In connection with the previous posts, I think it's interesting to frame some of Cuarón's truth-telling concerns in Children of Men next to some of the concerns of the God of Israel in the Old Testament. These are hard images I'm pulling from the film; likewise, the OT texts are forceful in addressing injustice towards the outsider, poor, widow, orphan, etc. These texts still speak to us today, in a very different way than do the images. The images raise awareness of injustice; the texts directly enlist us to address the injustice and threaten judgment on those who ignore the call.
"You shall not wrong or oppress a resident alien, for you were aliens in the land of Egypt. You shall not abuse any widow or orphan. If you do abuse them, when they cry out to me, I will surely heed their cry." — Exodus 22:21-23
"When an alien resides with you in your land, you shall not oppress the alien. The alien who resides with you shall be to you as the citizen among you; you shall love the alien as yourself, for you were aliens in the land of Egypt: I am the Lord your God." — Leviticus 19:33-34
"For scoundrels are found among my people; they take over the goods of others. Like fowlers they set a trap; they catch human beings. Like a cage full of birds, their houses are full of treachery; therefore they have become great and rich, they have grown fat and sleek. They know no limits in deeds of wickedness; they do not judge with justice the cause of the orphan, to make it prosper, and they do not defend the rights of the needy. Shall I not punish them for these things? says the Lord, and shall I not bring retribution on a nation such as this?" — Jeremiah 5: 26-29
"And I said: Listen, you heads of Jacob and rulers of the house of Israel! Should you not know justice?— you who hate the good and love the evil, who tear the skin off my people, and the flesh off their bones, who eat the flesh of my people, flay their skin off them, break their bones in pieces, and chop them up like meat in a kettle, like flesh in a caldron. Then they will cry to the Lord, but he will not answer them; he will hide his face from them at that time, because they have acted wickedly. Thus says the Lord concerning the prophets who lead my people astray, who cry 'Peace' when they have something to eat, but declare war against those who put nothing into their mouths." — Micah 3:3-5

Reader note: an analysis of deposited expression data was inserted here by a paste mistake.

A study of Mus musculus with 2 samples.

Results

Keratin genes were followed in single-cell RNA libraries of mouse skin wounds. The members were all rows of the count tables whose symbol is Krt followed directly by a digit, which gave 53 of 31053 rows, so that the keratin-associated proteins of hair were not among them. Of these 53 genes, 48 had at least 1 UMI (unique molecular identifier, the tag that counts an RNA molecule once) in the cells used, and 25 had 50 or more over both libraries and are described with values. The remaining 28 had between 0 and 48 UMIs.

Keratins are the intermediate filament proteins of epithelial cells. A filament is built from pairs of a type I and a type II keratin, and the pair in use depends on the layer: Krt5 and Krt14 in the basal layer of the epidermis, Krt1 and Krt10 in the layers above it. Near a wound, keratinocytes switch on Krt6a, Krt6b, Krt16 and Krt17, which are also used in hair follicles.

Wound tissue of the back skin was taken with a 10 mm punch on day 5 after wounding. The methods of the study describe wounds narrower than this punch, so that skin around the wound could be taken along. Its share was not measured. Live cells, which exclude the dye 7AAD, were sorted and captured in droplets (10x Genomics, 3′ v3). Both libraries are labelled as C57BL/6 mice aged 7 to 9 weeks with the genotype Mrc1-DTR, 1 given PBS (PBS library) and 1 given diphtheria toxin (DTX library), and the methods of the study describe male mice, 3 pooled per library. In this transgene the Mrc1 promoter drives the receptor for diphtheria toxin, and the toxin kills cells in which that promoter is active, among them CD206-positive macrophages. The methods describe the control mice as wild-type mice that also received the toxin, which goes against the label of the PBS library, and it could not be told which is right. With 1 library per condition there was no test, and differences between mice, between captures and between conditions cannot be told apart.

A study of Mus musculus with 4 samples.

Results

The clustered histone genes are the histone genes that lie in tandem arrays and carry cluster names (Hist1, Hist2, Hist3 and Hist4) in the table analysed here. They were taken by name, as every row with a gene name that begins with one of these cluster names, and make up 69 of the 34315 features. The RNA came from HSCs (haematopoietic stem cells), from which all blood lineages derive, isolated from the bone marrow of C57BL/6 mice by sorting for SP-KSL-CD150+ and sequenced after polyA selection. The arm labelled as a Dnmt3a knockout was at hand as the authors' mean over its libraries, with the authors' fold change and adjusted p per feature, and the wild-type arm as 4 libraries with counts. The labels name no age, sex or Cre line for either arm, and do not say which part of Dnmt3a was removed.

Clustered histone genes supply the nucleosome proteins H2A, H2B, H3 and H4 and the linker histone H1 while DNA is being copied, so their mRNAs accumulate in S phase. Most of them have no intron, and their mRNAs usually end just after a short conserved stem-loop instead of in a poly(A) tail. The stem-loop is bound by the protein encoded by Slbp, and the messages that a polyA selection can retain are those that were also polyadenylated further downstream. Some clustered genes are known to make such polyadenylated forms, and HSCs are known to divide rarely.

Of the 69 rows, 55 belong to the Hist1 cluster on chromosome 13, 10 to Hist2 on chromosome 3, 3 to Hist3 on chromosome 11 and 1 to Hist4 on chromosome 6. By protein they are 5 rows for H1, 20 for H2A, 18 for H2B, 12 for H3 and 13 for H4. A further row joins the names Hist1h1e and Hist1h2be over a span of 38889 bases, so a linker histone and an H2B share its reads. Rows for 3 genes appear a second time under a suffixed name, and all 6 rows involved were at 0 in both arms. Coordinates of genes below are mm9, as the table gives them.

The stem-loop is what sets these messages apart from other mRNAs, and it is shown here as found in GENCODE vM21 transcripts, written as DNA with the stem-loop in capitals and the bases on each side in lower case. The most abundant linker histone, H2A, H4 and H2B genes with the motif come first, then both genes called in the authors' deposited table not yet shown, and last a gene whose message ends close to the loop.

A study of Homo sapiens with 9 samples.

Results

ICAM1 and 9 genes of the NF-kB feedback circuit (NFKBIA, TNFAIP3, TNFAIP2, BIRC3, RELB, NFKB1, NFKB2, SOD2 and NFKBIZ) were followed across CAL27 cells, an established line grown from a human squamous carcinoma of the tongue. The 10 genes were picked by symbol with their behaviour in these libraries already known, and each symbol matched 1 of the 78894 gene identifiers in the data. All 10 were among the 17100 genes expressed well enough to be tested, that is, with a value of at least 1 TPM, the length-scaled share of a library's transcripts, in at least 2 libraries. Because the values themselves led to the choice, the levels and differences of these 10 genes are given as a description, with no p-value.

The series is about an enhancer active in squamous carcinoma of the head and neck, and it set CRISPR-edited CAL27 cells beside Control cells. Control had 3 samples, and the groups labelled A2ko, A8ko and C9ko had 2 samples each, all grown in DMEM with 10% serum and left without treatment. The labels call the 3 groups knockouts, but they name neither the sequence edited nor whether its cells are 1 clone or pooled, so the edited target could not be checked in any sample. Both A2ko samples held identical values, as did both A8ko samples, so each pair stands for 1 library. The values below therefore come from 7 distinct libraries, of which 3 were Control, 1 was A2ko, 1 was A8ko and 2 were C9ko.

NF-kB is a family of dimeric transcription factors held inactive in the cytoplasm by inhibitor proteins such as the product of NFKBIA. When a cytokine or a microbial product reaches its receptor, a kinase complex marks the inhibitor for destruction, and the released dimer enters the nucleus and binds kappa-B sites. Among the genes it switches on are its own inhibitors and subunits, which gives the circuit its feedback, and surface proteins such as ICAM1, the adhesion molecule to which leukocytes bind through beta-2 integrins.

"Is not this the fast that I choose: to loose the bonds of injustice, to undo the thongs of the yoke, to let the oppressed go free, and to break every yoke? Is it not to share your bread with the hungry, and bring the homeless poor into your house; when you see the naked, to cover them, and not to hide yourself from your own kin? Then your light shall break forth like the dawn, and your healing shall spring up quickly; your vindicator shall go before you, the glory of the Lord shall be your rear guard. Then you shall call, and the Lord will answer; you shall cry for help, and he will say, Here I am." — Isaiah 58: 6-9
I do not share these texts to say, oh, in light of the injustices perpetrated by those participating in the ruling narrative in the film, that this is a reason for their infertility. Some sort of divine justice. I don't want to go there. To claim that natural disasters, for instance, are the result of God's wrath is a dangerous move. I am, however, wanting to present the alternative narrative that God would have structure our society. It is a narrative that reminds Israel of its time of slavery in Egypt. It is a narrative that would have Israel show care and grace towards the outsider among them.
I am also wanting to point again to the incisiveness of the film in holding up a mirror to the injustices of the present. The film shows us that these Old Testament social justice texts are for us as well. We have to carefully consider, for example, our immigration laws. We have to show caution in how we interrogate those we would label our enemy. We should be careful in labeling people as "terrorist" and "illegal immigrant." We must not let fear rule the way we treat others. The disasters of Abu Ghraib, My Lai, and Dachau are not natural disasters. They are unnatural, horrific events that reveal the worst of which humanity is capable. The potential for another of these disasters is always there, and we cannot allow ourselves to become unmoored in history such that we forget. The Old Testament social justice texts won't allow us to forget.
In America, unless we have Native American blood, we should remember that our forefathers immigrated here, many of them leaving behind harsh circumstances and coming to America with little or nothing of value to their names. This land is not our land. This land is for everyone. We would be wise to heed the truthful speech of the prophets and the film, to show care and concern for those unfortunate among us (or even those not among us). It will be a better world if we do. There would be less violence and hatred. There would be more compassion, more peace, more of a hint of God's fullness erupting in the world. I want to live in that world.
I don't mean to get preachy; it's hard not to get wound up with these matters. God grant us the grace to feel moved to loving, truthful speech and action.